PenGUIn human machine interface
(HMI), targeting machine-building applications is a new machine-HMI line
featuring a powerful combination of monitoring, control and communication
capabilities. Besides the standard HMI functionality, the PenGUIn HMI comes
with powerful protocol conversion, port sharing and web server capability, all
of which are configured and managed by GUIcon software package.
PenGUIn comes in four screen sizes: 6, 8, 10 and 15 inches. It can be
equipped with up to six serial ports and two ethernet ports and is capable of
managing up to 13 different protocols simultaneously. These can be selected
from an extensive list of more than 200 protocols via GUIcon software. Optional
communication cards include: CAN, DeviceNET, ProfiBUS, GSM and RS232/485. The
built-in web and e-mail server allows remote monitoring, remote program
modifications and diagnostics and alarm notifications. This reduces maintenance
or servicing costs. Recipes can be locally stored and accessed using optional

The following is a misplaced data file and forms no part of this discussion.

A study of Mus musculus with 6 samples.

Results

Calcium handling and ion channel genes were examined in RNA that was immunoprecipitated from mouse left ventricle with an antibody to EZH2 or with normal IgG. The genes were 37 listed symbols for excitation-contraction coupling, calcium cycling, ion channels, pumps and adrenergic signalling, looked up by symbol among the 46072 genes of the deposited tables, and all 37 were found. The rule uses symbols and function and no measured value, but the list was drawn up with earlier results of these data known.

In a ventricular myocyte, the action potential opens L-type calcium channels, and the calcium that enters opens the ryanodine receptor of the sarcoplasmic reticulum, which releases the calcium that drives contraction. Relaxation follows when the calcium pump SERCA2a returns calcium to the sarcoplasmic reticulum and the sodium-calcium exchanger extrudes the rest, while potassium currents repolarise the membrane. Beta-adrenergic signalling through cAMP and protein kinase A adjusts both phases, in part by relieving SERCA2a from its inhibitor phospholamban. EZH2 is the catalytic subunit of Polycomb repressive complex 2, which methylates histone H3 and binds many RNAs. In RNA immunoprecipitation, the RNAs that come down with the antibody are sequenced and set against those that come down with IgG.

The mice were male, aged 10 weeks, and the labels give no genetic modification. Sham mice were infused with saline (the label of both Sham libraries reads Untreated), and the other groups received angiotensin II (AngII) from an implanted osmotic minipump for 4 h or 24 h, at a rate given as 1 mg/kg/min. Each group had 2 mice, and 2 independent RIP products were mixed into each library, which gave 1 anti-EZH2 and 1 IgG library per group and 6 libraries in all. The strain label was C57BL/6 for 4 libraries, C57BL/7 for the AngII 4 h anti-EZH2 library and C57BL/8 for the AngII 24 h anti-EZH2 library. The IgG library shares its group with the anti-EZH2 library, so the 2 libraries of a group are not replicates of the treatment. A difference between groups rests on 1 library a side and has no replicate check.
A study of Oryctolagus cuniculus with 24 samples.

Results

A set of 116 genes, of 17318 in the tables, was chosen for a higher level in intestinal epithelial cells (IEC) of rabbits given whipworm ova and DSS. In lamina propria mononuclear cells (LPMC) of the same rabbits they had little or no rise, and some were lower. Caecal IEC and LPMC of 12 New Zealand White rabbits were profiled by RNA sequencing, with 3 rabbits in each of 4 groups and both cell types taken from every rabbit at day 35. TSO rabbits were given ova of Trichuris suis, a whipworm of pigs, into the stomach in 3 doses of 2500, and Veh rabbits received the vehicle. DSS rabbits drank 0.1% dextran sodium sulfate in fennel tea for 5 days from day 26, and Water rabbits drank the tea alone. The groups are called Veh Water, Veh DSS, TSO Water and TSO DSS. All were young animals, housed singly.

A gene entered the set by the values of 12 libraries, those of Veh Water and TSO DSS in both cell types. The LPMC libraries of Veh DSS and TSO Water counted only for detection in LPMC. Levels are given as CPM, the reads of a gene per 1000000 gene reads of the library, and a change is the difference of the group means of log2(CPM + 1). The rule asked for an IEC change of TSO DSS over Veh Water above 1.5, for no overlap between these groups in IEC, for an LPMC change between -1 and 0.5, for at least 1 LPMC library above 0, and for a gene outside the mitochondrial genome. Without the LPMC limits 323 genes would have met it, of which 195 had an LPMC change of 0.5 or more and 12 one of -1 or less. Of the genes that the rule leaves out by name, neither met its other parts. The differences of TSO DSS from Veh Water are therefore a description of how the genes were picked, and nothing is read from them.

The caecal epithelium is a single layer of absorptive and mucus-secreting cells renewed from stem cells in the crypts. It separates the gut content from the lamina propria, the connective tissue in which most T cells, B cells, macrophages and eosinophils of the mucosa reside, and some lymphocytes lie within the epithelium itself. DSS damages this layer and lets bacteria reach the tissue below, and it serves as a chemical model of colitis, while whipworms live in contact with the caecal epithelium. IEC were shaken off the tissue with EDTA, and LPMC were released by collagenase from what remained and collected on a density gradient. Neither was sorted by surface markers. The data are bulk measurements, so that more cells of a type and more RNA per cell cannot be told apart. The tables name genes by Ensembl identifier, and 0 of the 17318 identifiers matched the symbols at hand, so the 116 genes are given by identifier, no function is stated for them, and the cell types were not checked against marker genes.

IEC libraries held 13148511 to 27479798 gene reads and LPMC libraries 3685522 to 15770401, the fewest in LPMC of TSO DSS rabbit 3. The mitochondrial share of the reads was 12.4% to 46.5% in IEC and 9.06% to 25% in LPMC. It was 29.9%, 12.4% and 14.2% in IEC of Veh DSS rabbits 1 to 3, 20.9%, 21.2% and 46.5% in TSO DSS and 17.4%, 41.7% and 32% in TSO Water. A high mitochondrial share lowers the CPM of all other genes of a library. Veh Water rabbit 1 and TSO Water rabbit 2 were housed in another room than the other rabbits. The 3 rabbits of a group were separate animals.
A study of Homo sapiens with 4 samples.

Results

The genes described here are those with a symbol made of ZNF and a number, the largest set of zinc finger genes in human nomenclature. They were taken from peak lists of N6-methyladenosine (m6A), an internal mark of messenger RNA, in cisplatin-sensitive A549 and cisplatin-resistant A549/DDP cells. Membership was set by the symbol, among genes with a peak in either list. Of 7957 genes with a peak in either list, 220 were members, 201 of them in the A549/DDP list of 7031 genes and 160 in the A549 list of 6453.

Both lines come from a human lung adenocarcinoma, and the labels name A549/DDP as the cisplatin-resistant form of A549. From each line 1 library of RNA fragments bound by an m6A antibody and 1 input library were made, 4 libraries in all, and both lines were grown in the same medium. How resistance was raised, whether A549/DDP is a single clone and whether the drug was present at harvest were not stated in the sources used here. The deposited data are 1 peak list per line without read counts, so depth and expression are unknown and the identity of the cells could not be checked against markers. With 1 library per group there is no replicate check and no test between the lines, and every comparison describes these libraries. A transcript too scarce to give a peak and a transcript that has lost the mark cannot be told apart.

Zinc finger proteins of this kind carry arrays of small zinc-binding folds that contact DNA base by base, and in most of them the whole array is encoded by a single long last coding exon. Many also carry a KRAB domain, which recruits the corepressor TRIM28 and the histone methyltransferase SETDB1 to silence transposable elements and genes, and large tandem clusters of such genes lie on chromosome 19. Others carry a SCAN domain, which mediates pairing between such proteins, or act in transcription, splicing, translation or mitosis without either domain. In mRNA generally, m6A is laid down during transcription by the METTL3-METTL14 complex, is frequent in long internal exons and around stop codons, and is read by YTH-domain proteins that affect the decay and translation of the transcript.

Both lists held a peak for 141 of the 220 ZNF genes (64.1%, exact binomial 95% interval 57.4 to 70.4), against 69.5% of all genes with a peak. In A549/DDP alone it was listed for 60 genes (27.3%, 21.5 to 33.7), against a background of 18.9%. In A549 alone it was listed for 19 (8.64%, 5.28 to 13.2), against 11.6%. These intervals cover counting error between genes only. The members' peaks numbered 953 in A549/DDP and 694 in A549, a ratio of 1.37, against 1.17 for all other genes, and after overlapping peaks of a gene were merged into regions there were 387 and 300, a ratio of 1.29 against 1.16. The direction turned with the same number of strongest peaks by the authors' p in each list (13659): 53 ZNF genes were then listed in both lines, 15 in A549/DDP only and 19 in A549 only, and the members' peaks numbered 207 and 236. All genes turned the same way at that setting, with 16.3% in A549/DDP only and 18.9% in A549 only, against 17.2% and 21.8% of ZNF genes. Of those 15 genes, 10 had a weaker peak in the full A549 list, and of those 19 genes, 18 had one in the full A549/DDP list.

CF memory cards.
heavy-duty industrial applications;
conversion, using more than 200 built-in drivers and enabling simultaneous
communication of up to 13 protocols;
monitoring, diagnostics and troubleshooting with built-in web server;
intuitive programming software with more than 5,000 objects in its library.
New versions of BASF's Ecovio line are both compostable and designed for either injection molding or thermoforming. These combinations are becoming more common for the single-use bioplastics used in food service and food packaging applications, but are still not widely available.
For industrial control applications, or even a simple assembly line, that machine can go almost 24/7 without a break. But what happens when the task is a little more complex? That’s where the “smart” machine would come in. The smart machine is one that has some simple (or complex in some cases) processing capability to be able to adapt to changing conditions. Such machines are suited for a host of applications, including automotive, aerospace, defense, medical, computers and electronics, telecommunications, consumer goods, and so on. This radio show will show what’s possible with smart machines, and what tradeoffs need to be made to implement such a solution.